Voters chose continuity. His challenge will be to bring about structural reforms.

July 05, 2006|Jorge G. Castaneda | JORGE G. CASTAnEDA is a former foreign minister of Mexico and a professor of politics and Latin American studies at New York University.

ALTHOUGH IT might be days or even weeks before Mexico's cliffhanger election is officially settled, it seems almost certain that right-of-center, neoliberal candidate Felipe Calderon will be the country's next president. He may not have won by more than a percentage point; his 36% of the vote is hardly a mandate; his opponents will likely challenge the results in the streets, the courts and the political arena, and he will face strong, though divided, opposition in Congress. Still, winning is better than losing, and Mexico is better off today than Sunday, when many thought the left-of-center populist contender, Andres Manuel Lopez Obrador, would obtain a resounding endorsement from the electorate.

Calderon means continuity. That's probably why he won, and that is what Mexico needs.

In the end, Mexico's voters did not fall for Lopez Obrador's stratagem. His case was simple: Mexico is a basket case today; let's throw out the rascals and replace them with leaders who will represent and help the poor, who make up half of the population. Regardless of the fact that this description is largely, though not entirely, inaccurate, the voters decided that the last people they wanted to fix the mess were those who created it in the first place. Lopez Obrador surrounded himself with high-level former officials of the Echeverria (1970-1976), Lopez Portillo (1976-1982), De la Madrid (1982-1988) and Salinas de Gortari (1988-1994) administrations. It simply didn't fly with the electorate.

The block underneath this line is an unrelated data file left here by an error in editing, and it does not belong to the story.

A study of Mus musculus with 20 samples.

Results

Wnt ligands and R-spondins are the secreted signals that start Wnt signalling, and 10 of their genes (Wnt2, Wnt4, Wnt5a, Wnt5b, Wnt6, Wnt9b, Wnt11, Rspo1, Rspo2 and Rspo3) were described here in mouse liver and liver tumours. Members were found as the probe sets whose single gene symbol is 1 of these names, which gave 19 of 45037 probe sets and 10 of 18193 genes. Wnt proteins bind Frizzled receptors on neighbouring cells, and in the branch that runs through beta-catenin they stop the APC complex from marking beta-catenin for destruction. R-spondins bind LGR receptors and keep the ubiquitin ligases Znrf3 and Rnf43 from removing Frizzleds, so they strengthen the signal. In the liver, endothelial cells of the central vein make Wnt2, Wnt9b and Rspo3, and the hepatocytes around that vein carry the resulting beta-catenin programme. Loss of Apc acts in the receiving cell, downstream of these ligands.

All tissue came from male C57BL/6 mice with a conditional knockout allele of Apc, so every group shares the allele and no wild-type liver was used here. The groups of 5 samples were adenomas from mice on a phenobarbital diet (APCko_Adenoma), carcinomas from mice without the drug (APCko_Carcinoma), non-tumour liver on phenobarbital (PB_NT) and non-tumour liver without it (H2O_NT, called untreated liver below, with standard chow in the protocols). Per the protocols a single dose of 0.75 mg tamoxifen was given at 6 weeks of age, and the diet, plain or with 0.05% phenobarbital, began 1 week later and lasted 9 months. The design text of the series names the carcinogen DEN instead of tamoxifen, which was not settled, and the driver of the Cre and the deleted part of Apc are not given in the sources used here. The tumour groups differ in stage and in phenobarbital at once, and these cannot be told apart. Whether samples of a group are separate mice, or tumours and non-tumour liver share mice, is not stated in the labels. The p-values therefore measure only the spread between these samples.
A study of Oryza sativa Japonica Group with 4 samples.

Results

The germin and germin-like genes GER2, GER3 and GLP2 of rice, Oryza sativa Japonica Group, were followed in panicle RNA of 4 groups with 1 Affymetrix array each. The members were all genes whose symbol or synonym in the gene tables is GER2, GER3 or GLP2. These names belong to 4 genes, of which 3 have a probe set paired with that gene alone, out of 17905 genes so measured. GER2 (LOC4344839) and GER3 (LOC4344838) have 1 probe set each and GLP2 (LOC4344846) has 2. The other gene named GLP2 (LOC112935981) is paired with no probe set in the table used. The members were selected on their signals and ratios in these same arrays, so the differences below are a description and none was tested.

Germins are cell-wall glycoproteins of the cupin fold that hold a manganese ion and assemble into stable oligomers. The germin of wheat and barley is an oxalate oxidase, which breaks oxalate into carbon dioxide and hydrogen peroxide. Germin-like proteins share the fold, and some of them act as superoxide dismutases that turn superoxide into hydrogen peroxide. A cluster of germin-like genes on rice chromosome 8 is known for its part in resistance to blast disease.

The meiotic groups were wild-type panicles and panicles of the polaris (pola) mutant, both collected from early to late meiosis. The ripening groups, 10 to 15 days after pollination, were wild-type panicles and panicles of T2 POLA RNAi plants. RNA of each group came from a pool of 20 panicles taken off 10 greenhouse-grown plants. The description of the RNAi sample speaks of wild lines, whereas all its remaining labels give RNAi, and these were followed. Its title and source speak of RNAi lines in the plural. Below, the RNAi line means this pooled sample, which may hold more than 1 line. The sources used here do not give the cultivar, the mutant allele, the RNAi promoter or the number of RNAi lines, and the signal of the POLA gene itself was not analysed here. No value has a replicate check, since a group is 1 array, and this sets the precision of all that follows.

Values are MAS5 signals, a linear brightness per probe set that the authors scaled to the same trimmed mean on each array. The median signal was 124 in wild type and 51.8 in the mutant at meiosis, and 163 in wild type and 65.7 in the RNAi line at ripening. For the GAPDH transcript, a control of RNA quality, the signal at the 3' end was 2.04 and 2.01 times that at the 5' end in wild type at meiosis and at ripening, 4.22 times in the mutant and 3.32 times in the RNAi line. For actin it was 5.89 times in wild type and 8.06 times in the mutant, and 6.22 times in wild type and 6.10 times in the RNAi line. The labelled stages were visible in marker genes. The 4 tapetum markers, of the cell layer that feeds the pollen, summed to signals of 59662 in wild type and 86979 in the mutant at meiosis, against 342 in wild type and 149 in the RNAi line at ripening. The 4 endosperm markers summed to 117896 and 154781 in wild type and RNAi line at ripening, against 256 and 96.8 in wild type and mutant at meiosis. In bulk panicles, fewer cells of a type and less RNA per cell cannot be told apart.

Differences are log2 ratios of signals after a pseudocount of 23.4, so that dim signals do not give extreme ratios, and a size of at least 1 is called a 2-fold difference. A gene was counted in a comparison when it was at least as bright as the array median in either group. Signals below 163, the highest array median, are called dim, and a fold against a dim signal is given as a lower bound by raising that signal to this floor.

Conversely, Calderon basically stated that over the last 10 years, Mexico, although hardly paradise, was sort of on a roll: inflation under control, growth beginning to pick up, poverty being reduced and interest rates way down, making credit available to the lower middle class. And all of this without the familiar repression, human rights violations, uprisings, political assassinations and runaway corruption of old. According to exit polls, 60% of the voters who thought things had improved over the last year voted for Calderon; 60% of those who approve of President Vicente Fox also chose Calderon.

The challenges Calderon faces are enormous. Mexico is the victim of a gaping ideological divide that most other countries in Latin America have put behind them. The election was not about policies, simplistic or not: war or peace; raise or lower taxes spend more or less; combat poverty or create jobs; for or against capital punishment, abortion, gay marriage or whatever. The campaign was about Mexico's soul, over the highly abstract, partly imaginary, broad ideological themes of nationalism; separation of church and state; the market versus the state; law enforcement versus eradicating privilege and poverty; belonging to Latin America or to North America; poor versus rich. Viewed from afar, this might not have been a bad thing. After all, countries need these types of discussions now and then. But in fact they were largely meaningless, because the policies that theoretically would have sprung from the electorate favoring one worldview or another were either unviable or already in place.

Calderon cannot hand education over to the church, privatize the state oil company Pemex or abolish social anti-poverty programs, as his adversaries falsely claimed that he might. And Lopez Obrador would not have been able to move Mexico away from the United States and renegotiate NAFTA, reorient public spending massively overnight, eliminate poverty or create millions of jobs through infrastructure programs, as he seemed to believe he could. As in most cases, Byzantine ideological debates lead nowhere, but they do crowd out meaningful policy discussions.

But Calderon will not only be plagued by this artificial ideological divide, he also will have to confront the same paralysis that Fox and his predecessor, Ernesto Zedillo, encountered. Mexico's current institutions were designed and built for authoritarian rule, not for a real democracy; they worked while Mexico was governed by a single party, the PRI. When democracy came, everyone -- Zedillo, Fox, this writer and many more -- thought that the same institutions would remain functional despite a radically different context.